By Leah Brown, THC Media Relations Coordinator
At the Texas Historical Commission, we’re extremely grateful to the thousands of volunteers across the state who work to preserve Texas’ rich history and heritage. Many are individuals whose behind-the-scenes efforts go mostly unnoticed. Here’s one example: Meet the Taylors, a family from Houston who refinish historical markers. In the Q&A below, Avery (13), Finn (11), and dad Matt talk about how they got started refinishing markers and why it is an important endeavor. Unless otherwise noted, answers are by Matt.
What inspired you to refinish your first marker?
It was a news story about a man who drove around and refinished markers on long drives. If he saw one that needed doing, he’d stop and clean it. I learned then that anyone could clean them and how easy it was.
What kind of prep work did you do before refinishing your first marker?
Usually I just check to make sure I have enough paint. I also go back over the Texas Historical Commission’s supplies list (I keep a print out in my supplies backpack). Also, having some cold water and a snack doesn’t hurt.
Is this an affordable hobby?
It is extremely affordable. Most of the supplies I already had laying around the garage. You’ll simply need to buy a couple more cans of spray paint here and there.
How many historical markers have you refinished? Where are they located?
To date, our family has refinished 10 markers, and their locations are a bit scattered. There are a few in Houston, Rio Frio, Concan, Galveston, and San Felipe de Austin.
What has been your favorite marker to refinish to date?
We all agreed it was the Lombardy Ditch marker in Rio Frio. The actual ditch runs through the backyard of a family house on the Frio River. Our entire family has owned the house since the late 1960s, and to refinish a marker that is related to that property was personally rewarding.
How do you find and choose markers to refinish?
There’s never really a plan. We will simply see one in disrepair and agree to fix it up. Some are located in places we frequent a lot and others have been ones that really needed the help.
Why are historical markers worth refinishing?
“Because people should know about what happened at certain places,” says Finn. Each marker tells a story, and it’s the story of Texas. To make a marker look attractive is to make someone interested in reading it. Once at the marker at La Carafe in Houston, we had just completed refinishing it when we saw three groups of people within the span of 10 minutes stop and read it. As we promote progress in life, we should also help preserve our history.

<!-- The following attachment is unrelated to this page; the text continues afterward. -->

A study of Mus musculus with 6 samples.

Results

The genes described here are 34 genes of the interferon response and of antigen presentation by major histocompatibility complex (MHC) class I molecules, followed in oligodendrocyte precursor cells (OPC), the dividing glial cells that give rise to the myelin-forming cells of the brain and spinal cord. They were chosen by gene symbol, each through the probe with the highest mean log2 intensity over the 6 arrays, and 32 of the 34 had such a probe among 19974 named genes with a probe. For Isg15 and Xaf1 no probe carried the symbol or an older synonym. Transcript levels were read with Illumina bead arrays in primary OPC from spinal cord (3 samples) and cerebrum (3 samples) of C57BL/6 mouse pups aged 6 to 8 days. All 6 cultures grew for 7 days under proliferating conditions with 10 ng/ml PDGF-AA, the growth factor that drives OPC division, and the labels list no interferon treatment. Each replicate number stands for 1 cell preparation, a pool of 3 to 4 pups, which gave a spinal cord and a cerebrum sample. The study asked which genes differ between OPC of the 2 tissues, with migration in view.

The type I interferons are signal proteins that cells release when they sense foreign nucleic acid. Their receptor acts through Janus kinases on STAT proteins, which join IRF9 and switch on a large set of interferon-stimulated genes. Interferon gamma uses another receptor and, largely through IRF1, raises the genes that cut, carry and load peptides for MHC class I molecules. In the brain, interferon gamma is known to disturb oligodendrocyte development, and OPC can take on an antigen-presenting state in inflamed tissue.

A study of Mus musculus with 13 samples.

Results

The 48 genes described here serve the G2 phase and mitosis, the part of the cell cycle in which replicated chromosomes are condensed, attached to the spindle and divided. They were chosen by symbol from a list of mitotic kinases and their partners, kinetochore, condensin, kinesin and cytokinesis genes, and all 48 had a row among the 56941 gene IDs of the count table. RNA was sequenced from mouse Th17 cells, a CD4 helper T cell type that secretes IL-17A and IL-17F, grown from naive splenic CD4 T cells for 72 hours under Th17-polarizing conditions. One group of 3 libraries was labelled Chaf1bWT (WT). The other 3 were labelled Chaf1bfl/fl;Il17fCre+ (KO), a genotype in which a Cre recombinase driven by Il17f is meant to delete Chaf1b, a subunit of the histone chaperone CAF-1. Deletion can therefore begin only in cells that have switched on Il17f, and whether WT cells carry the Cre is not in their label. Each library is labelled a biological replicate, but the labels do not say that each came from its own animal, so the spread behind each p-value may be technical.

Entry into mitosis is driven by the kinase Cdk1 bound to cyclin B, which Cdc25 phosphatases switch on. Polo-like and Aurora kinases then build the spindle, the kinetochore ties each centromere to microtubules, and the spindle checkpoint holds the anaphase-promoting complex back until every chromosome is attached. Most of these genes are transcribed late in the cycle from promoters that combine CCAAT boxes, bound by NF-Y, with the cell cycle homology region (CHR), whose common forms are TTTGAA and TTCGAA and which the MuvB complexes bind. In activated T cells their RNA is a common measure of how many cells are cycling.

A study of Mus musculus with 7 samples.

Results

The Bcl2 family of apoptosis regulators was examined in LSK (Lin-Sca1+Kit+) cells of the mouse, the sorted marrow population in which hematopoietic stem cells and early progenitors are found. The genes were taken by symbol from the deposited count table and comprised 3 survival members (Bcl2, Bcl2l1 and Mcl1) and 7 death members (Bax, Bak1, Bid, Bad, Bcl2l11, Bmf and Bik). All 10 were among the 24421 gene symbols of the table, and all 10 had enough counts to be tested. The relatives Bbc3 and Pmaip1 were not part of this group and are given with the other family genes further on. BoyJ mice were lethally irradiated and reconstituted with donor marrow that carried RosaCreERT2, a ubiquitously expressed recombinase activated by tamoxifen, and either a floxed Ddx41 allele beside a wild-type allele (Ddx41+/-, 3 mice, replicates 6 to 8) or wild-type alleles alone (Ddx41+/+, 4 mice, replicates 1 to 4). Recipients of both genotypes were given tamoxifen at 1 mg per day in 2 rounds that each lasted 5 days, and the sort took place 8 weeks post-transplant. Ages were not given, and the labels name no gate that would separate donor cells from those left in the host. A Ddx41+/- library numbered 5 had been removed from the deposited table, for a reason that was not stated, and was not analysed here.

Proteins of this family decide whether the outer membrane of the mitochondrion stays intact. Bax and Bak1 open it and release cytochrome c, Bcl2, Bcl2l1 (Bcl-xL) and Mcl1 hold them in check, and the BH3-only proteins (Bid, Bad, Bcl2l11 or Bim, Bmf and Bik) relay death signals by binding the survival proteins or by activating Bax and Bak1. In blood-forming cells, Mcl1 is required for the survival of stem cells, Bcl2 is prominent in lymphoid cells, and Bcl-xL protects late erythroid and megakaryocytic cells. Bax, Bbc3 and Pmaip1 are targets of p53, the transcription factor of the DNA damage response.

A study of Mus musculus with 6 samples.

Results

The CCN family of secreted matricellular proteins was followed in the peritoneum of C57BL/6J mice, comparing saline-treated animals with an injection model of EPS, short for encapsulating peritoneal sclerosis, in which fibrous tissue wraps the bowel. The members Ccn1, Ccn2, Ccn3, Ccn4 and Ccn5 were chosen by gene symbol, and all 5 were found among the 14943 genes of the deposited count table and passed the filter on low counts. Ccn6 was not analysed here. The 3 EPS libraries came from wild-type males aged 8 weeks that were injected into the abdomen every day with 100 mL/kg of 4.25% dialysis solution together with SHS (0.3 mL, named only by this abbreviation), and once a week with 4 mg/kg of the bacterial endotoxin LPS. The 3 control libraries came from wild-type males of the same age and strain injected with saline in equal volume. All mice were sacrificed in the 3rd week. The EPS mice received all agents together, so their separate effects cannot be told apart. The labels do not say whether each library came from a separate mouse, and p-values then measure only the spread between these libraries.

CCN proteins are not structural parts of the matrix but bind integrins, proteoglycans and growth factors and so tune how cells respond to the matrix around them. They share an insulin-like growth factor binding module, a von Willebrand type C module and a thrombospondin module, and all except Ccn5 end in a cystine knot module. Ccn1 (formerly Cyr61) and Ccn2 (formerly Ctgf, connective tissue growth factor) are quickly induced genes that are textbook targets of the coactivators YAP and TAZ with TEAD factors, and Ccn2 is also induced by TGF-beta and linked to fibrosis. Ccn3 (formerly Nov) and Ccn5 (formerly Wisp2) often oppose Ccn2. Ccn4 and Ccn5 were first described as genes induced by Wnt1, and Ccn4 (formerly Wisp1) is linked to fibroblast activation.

Are you [the kids] going to continue refinishing markers when you leave home, go to college, or start families of your own?
Finn says, “Probably. I’d encourage my kids to help and make it a family activity.” “Absolutely,” says Avery. “Just like we always volunteer at the Food Bank, it’s another family thing to do that helps give back.”
Do you have any tips or tricks for anyone who may be considering refinishing markers for the first time?
Aside from having the correct supplies, I’d also recommend a small power sander. I keep a converter in my car and use that to power the sander. It makes the sanding job so much easier. Also, make sure you can easily reach the top of the marker. If not, you might need to bring along a step ladder. Lastly, get ready to engage with the public. They love to ask what you’re doing.
How do you benefit from refinishing historical markers?
Finn says, “I get to spend time with my family making the community look nice.” Matt adds, “As a father, it’s just one more way for me to teach the kids that it’s easy to give back. We also get to work together outside and engage with the community. The kids get to talk with perfect strangers about what we’re doing, which only helps to build their confidence and character.”